Libchan is the spiritual child of zerorpc, so it is definitely informed by our experience using zeromq. The main experience was: it's awesome but does too much, too low in the stack, and it's too much of a black box to remove the parts we don't need.

Also, the inability to safely expose it on the public internet was a big problem. I know this has been addressed since then, but we don't want to use a separate protocol stack for that: we want to use the existing HTTP (soon HTTP2) and TLS middleware infrastructure. That's why libchan uses spdy/tls as its main network transport.

I think a more detailed writeup on the issues you had, and the rationale behind the choices for libchan, would be fascinating, if you ever have the chance. :-)

I agree. the summary still sounds like a NIH. Details would be awesome. blog post it, HN the blog post, you guys know how to do that I heard ;)


> That's why libchan uses spdy/tls as its main network transport.

Just as forecast by many on HN, HTTP is becoming the network layer.

spdy+tls is not HTTP! They're building blocks on which you can write protocols that expect some interesting properties (auth, session, multiplexing, bidirectionality,...).

You must be referring to HTTP2, which is indeed HTTP1+SPDY+TLS in one single protocol. Actually, if SPDY catches on and is used for other uses (I already know muxado [0] that uses a SPDY-based protocol to multiplex requests/responses between client and servers) so that it lives by itself, it will be funny to see if HTTP2 really embeds it (and therefore duplicating the work).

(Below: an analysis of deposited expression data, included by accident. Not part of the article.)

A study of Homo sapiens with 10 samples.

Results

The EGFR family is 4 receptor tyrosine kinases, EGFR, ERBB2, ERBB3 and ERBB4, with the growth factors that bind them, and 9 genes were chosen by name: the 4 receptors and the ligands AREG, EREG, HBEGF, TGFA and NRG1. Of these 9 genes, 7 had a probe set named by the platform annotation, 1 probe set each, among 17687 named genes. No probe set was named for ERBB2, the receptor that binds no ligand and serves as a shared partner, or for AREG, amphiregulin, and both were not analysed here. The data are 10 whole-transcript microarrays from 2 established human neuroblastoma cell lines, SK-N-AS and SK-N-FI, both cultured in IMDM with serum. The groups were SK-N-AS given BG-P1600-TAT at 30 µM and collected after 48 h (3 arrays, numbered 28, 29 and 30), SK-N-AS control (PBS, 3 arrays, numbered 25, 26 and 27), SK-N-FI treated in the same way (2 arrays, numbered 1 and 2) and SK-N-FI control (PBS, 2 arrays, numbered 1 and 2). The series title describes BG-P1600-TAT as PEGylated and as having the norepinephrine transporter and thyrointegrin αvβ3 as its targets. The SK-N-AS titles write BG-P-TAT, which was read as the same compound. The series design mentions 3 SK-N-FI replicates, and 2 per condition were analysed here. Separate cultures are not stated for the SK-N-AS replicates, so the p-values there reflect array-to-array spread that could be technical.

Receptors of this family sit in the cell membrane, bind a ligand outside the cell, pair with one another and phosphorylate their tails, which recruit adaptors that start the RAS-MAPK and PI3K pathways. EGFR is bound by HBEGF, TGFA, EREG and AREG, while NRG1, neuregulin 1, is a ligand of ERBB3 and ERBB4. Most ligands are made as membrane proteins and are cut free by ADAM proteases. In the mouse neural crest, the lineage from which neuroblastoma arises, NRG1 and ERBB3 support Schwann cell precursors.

[0] https://github.com/inconshreveable/muxado/

Apparently Armon built one too a few weeks ago [1]

I think I'd like to move muxado in a direction where it provides the common interface to the various stream multiplexers. That way you could code against a common interface and swap out http2/spdy/muxado/yamux as the implementation to suit your performance needs.

I'd also like to see libchan use this common interface as a layer built on top of this primitive.

[1] https://github.com/hashicorp/yamux

> Also, the inability to safely expose it on the public internet was a big problem.

Deus, why? Why on Earth would parts of your critical internal infrastructure be exposed to the public Internet?!

Who said anything about "internal"? We want every piece of our infrastructure to use a common, unified communication layer. If parts of it should be authenticated, tunneled, throttled or otherwise protected from nefarious outsiders, then we want to add the appropriate off-the-shelf middleware, or possibly write our own middleware. It makes no sense, in my mind, to artificially separate "internal" and "external" by implementing completely different protocol stacks and tools. In the end this hurts security because everything gets more complicated and you lose visibility.

Just my 2c based on our own production experience.